Bland diet is a soft, non-spicy, low fiber diet. It is recommended for people with certain digestive conditions such as diverticulitis, pancreatitis, bowel obstruction, and colitis.
Types of bland diet
Examples of bland diet
- Cooked vegetables.
- Low fat or fat free milk.
- Fruit juices and vegetable juices.
- White flour breads, crackers, and pasta.
- Light cereals with low fiber.
- Lean meat.
- Fish and sea food.
- Peanut butter, jelly and seedless jam.
- Pudding and custard
- Soup and broth.
- Weak tea.
- Clear liquid diet.
What to avoid if you are on a bland diet
- Raw vegetables.
- High fat dairy products such as whipped cream or high-fat ice cream.
- Strong cheeses, such as bleu, Monterey Jack or Roquefort cheese.
- Fried foods.
- Dried fruits.
- Whole-grain or bran cereals.
- Whole-grain breads, crackers, or pasta.
- Spices, such as hot pepper and garlic.
- Foods with high sugar content.
- Seeds and nuts.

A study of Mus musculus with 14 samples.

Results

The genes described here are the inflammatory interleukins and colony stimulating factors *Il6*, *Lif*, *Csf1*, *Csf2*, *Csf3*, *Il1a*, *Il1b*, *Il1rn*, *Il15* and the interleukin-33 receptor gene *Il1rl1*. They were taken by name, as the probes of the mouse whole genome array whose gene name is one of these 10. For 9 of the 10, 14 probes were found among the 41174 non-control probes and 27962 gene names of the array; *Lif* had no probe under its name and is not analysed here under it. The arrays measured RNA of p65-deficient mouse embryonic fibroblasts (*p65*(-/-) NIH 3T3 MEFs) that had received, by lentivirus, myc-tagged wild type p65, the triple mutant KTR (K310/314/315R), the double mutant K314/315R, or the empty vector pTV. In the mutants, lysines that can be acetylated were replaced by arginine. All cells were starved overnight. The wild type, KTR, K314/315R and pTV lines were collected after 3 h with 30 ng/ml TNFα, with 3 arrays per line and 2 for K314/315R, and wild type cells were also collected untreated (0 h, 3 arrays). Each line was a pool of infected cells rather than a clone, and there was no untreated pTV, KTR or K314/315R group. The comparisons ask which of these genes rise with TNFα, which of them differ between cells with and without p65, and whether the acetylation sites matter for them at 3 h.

- Highly seasoned, smoked or cured meats and fish.
- Very rich and creamy foods.
- Alcoholic and caffeinated beverages.
Who should be on a bland diet
- Patients recovering from abdominal surgery.
- Those with diverticulitis.
- Patients with severe colitis.
- Those with severe esophagitis (inflammation of the esophagus caused by acid reflux).
- Patients with persistent nausea and vomiting.
- Those with bowel obstruction.
- Patients with acute pancreatitis.
Who should not be on a bland diet
- Patients with diverticulosis.
- Those with irritable bowel syndrome.
- Patients with celiac disease.
- Those with ulcerative colitis or crohn’s disease that are in remission.
How to do the bland diet
- Drink plenty of fluids. Stay hydrated.
- Eat small meals multiple times a day.
- Chew your food carefully.
- Avoid late meals. Do not eat 2-3 hours before bedtime.
- Stop tobacco.
- Avoid alcohol.
- The bland diet is not a permanent diet. If your bowel obstruction or diverticulitis resolves, you don’t have to remain on a bland diet.